Former Lincoln County Commissioner Buddy Funderburke deserves a warm round of applause from citizens — not just of Lincolnton and Lincoln County, but of this great country.
Funderburke recently stepped in to purchase a large parcel of land near Lincolnton High School and preserve it for posterity. The acreage in question is part of our national birthrite — part of the Revolutionary War battlefield of Ramsour’s Mill, a re-enactment of which was celebrated in recent days.
Ramsour’s Mill isn’t a household name, even among students of history. It was not a large-scale battle; it did not feature Redcoats or Hessians against Continental troops or their French allies. But in symbolic terms the battle resonates louder than many other engagements and proved a more certain step toward the ultimate victory for independence.
Having suffered a severe defeat at the Battle of Saratoga in New York, the British government decided on a Southern strategy to divide and conquer the upstart colonies. The British believed that most Southerners did not crave an end to British rule and would rise to welcome them back.
Once Charleston, S.C., fell to British invaders in May 1780, morale among American Patriots in the South reached a low point. Disheartened civilians, along with some opportunists of low moral character, determined to make a stand for the Crown. A number of them hailed from this region of North Carolina and in June 1780, about 1,300 Tories under the command of Col. John Moore were encamped in the area that would later become Lincolnton.
But other North Carolinians, including many from the same communities and families, felt quite differently. These formed the bulwark of irregular militias that would give the lie to the British hopes for a Tory uprising. In a bloody conflict that divided villages and households, these defenders of their newfound liberty would not be bullied by those who craved a return to high taxation and arbitrary rule.
On June 20, 1780, about 400 Patriot militia surprised the sleeping Loyalists near Ramsour’s Mill. As the engagement continued, the pro-British forces lost heart. Many were killed or wounded. Others were captured. The rest fled. The legacy of the little Battle of Ramsour’s Mill is this: the great Tory uprising in North Carolina came to naught.
In October 1780, about 30 of the same Loyalists joined others at King’s Mountain, S.C., where a smaller Patriot force surrounded and defeated them, ending for good any serious threat of an armed Loyalist insurrection in support of the British in the Carolinas. Had the Battle of Ramsour’s Mill not occurred, the group of Tories at King’s Mountain would have been far more numerous, perhaps by more than 1,000,  and less likely to have been defeated.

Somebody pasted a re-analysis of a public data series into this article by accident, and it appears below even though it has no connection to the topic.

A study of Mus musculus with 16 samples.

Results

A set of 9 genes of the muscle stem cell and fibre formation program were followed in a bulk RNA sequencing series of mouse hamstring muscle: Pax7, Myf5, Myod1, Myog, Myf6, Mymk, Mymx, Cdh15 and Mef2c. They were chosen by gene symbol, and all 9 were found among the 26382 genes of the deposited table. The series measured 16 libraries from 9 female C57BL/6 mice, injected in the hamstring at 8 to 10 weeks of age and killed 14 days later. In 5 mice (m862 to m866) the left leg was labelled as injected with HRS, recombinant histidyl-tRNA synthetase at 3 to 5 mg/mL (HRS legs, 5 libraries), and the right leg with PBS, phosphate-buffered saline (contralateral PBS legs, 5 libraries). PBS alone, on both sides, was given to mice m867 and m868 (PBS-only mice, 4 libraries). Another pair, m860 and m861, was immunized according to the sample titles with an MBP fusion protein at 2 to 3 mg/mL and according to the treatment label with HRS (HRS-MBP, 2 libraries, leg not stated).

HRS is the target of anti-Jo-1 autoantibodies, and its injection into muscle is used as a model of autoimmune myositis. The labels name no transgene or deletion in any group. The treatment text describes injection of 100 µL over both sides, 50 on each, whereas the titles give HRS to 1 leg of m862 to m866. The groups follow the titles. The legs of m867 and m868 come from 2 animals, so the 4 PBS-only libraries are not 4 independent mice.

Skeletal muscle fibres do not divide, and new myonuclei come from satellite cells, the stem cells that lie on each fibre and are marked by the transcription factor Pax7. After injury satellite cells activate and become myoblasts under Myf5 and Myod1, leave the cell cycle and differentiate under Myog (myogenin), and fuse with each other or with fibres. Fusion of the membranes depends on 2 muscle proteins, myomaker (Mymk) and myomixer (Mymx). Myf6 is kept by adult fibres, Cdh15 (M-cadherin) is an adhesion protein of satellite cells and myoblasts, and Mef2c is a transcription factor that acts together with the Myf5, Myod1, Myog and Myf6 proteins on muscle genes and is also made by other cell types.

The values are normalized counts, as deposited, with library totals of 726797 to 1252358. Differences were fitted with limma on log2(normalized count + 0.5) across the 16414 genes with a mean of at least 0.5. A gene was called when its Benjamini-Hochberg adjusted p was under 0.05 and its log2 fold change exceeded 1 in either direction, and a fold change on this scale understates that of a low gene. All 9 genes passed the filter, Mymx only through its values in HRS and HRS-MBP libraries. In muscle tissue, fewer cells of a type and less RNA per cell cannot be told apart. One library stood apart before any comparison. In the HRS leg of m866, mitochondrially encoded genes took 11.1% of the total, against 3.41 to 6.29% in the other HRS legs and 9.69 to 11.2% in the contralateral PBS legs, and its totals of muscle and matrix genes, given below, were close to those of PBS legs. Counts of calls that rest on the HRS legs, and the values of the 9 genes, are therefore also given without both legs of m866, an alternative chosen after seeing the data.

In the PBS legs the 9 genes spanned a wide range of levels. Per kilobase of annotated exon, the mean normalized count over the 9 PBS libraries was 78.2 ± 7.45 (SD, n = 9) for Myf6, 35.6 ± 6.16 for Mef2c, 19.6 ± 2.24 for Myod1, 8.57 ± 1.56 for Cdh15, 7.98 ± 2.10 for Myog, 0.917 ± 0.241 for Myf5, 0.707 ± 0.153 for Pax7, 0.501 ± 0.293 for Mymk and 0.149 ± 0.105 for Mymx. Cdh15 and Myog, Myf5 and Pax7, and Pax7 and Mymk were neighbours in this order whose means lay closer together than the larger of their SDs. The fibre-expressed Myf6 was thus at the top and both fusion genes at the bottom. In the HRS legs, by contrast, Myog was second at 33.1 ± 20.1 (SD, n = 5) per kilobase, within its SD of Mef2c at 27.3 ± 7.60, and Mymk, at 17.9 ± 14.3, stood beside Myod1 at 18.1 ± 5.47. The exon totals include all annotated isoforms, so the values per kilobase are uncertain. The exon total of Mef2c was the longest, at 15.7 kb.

After King’s Mountain, British regular troops were forced to cover their own flanks, while command of Patriot forces transferred to Gen. Nathanael Greene, who brilliantly seized the opportunity of operating on friendly turf and boldly divided his forces despite facing a numerically superior enemy. Operating deep in the western interior, the British fell for a tactical surprise by a group of mostly Southern militia under Gen. Daniel Morgan in January 1781 at the Battle of Cowpens. As Morgan’s victorious troops retreated north, British Commander Lord Cornwallis took the bait, launching a full-scale invasion of North Carolina. The British pursued Morgan’s and Greene’s forces, allowing their own supply lines to become precariously long. Once the divided Patriot groups had united under Greene, they turned and gave battle near Guilford Courthouse (today known, not coincidentally, as Greensboro). Despite withdrawing from the field, Greene’s troops dealt the British a stinging blow with heavy casualties. Deep inland in hostile territory and far from his base of supplies, Cornwallis was forced to head toward the coast, eventually allowing himself to be bottled up in Virginia between combined American and French Forces and surrendering to Gen. George Washington at Yorktown. Imagine how things might have gone if the small gains of Ramsour’s Mill had not squelched the Loyalist organizing effort in the backcountry of the Tar Heel state.
Was our Republic born at Ramsour’s Mill? Not hardly. But the little-known battle changed the nature of the conflict that was to come.  Instead of American independence being lost to Loyalist militia, it was secured by Patriot militia, primarily from the Carolinas and Virginia — that is by the citizen soldiers who rose up to shake off the chains of tyranny.
For all of these reasons, our own piece of America’s history must be preserved. Let no one forget what happened here.
At let’s make we sure we never again return the reins of government to those who love taxes and despise freedom.